Media Alert: ABC News Series Anchor Cheryl Jennings with Roots of Peace in Afghanistan. AiringFebruary 12, 2015 at 6pm.

Roots of Peace Founder/CEO, Heidi Kuhn, and President, Gary Kuhn, traveled to Afghanistan last week and met with top leaders. Heidi and Gary Kuhn met independently with Afghan President Ashraf Ghani, General John F. Campbell, U.S. Ambassador Michael McKinley, and USAID Mission Director William Hammink. This was a historic event for Roots of Peace and a symbolic gesture from the Afghan government to show their support of civil society and alternatives to war in the country. Roots of Peace is one of a handful of organizations that has demonstrated the strong ability to improve lives and create jobs in Afghanistan, despite the conflict that has affected the country over the last decade.

ABC News Anchor Cheryl Jennings joined Roots of Peace for the trip and will be airing her stories and exclusive interviews over the coming weeks. The first piece be broadcasted on February 12 at 6pm.

Roots of Peace, by creating livelihoods and improving the agricultural sector, has helped over 1 million Afghan farmers and their families gain economic stability. For example:

Mohammad Nasir is a 72-year-old grape farmer from Charikar, Afghanistan. For years, his land was on the frontlines of fighting.  After a mujahidin-fired rocket destroyed his home he had to cut down his trees and sell them as firewood to move his family somewhere safer. The family later returned to their farm, only to have the insurgency destroy the irrigation to all of Charikar, turning farmland into dustbowls. Nasir and his family were reduced to begging to survive.

When the violence finally subsided, Nasir was able to return home. Today, he is a proud Roots of Peace grape farmer. The use of trellising, introduced by our program, has enabled him to double his grape yield and improve the quality so that he can export to demanding international markets. With the increased income, Nasir has been able to send his grandchildren to school. He says, “In the place where you are now standing I saw men killed in a rocket attack. I could have given up, but I built this vineyard so that my children would have a better life than I have had. The children are in school and the vineyard is producing. It gives us hope.”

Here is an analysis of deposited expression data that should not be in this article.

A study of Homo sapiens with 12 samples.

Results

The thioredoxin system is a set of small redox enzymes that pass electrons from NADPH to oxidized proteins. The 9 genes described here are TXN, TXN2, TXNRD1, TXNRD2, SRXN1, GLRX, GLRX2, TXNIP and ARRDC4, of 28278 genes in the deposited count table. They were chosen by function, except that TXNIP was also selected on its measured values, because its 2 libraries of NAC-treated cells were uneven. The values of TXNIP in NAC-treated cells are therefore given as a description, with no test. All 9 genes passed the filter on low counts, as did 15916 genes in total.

Roots of Peace is optimistic about the future of Afghanistan.  We have seen stability created in each of Afghanistan’s 34 provinces where we work and new opportunity in the 14,000 metric tons of fruit and nuts that we export yearly into new markets. Now that Afghans have the opportunity to farm on their own lands, provide for their children, and lead a life with more economic stability, we find hope that they are less likely to turn towards extremism or alternative means of income.

Roots of Peace programs will continue to revitalize Afghanistan to allow farmers to grow new crops and connect with regional markets to improve agricultural livelihoods.